Advancing fusion energy: Researchers achieve record-breaking temperatures in a tokamak

They managed to achieve temperatures of more than 100 million degrees Celsius. That is hotter than the sun's core temperature!
Tejasri Gururaj
Tokamak and nuclear fusion
Tokamak and nuclear fusion

Peter Hansen/iStock 

Nuclear fusion reactions generate large amounts of energy. An example of nuclear fusion is the reactions happening in the sun's core. Harnessing fusion energy has long been a goal of scientists and researchers as it produces no greenhouse gas emissions or long-lived radioactive waste. 

However, there are several bottlenecks to producing fusion energy, such as the requirement of high temperatures and pressures, plasma instability, cost, scalability, and finding energy balance.

Despite these challenges, significant progress has been made in fusion energy research

Tokamaks are a device used in magnetic confinement fusion. In these reactions, a powerful magnetic field is used to control and confine the hot plasma of the fusion fuel in the reactor core. The plasma is heated to high temperatures using neutral beam injection or radiofrequency heating. The main goal is to sustain a stable plasma state where the fusion reactions can occur continuously, providing a limitless energy source.

A recent study by researchers from Oak Ridge National Laboratory (ORNL), Princeton Plasma Physics Laboratory (PPPL), and Tokamak Energy Ltd shows a significant breakthrough in fusion energy research. The team has achieved temperatures greater than 100 million degrees Celsius, required for fusion power plants to generate commercial energy.

Additionally, they achieved high temperatures in a compact tokamak, which has not been done before!

Achieving high ion temperatures in the ST40

In this study, the researchers focused on refining the operating conditions of a high-field spherical tokamak (ST) device called the ST40. Compared to other fusion devices, the ST40 device stands out due to its smaller size and its spherical plasma.

The team used an approach similar to the one in the 1990s in the TFTR tokamak, which generated over 10 million watts of fusion power. ST40 was operated with a toroidal (doughnut-shaped) magnetic field at values slightly above 2 Tesla.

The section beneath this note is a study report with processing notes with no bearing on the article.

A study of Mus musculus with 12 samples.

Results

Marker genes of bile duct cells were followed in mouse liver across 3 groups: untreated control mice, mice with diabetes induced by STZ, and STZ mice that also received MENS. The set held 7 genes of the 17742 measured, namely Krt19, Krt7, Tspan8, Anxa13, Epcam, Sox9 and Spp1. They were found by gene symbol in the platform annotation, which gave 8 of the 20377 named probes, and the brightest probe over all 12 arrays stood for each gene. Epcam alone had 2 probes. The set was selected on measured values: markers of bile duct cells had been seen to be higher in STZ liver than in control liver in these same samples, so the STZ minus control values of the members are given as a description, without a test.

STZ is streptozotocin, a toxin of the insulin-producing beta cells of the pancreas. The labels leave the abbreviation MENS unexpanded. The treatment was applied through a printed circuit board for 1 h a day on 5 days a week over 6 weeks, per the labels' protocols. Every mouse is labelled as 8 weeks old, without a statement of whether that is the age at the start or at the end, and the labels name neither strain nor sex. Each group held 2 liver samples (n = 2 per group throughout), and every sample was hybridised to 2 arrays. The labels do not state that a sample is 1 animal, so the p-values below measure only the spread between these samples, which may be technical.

The team used 1.8 million watts of high-energy neutral particles to heat the plasma. Though the plasma discharge, or the period when the fusion reactions were actively taking place, was just 0.15 seconds, the ion temperatures in the core reached more than 100 million degrees Celsius. 

The team used the TRANSP transport code developed at PPPL to measure the ion temperatures. This code is helpful because it takes into account the measured temperature profiles of the impurities and deuterium, the primary fuel used in fusion reactors. 

They found that the temperature range for the impurities was higher than 8.6 keV (approximately 100 million degrees Celsius), whereas the temperature range for deuterium was around that value. This finding suggests that the heating method used in the experiment effectively achieved the desired high temperatures.

The results provide optimism for the future development of fusion power plants based on compact high-field spherical tokamaks. These advancements could lead to more efficient and economically viable fusion energy solutions, offering a promising avenue for sustainable and clean energy generation.

The study was published in the journal Nuclear Fusion.

Study abstract:

Ion temperatures of over 100 million degrees Kelvin (8.6 keV) have been produced in the ST40 compact high-field spherical tokamak (ST). Ion temperatures in excess of 5 keV have not previously been reached in any ST and have only been obtained in much larger devices with substantially more plasma heating power. The corresponding fusion triple product is calculated to be ni0Ti0τE≈6±2 x 1018 m-3 keVs. These results demonstrate for the first time that ion temperatures relevant for commercial magnetic confinement fusion can be obtained in a compact high-field ST and bode well for fusion power plants based on the high-field ST.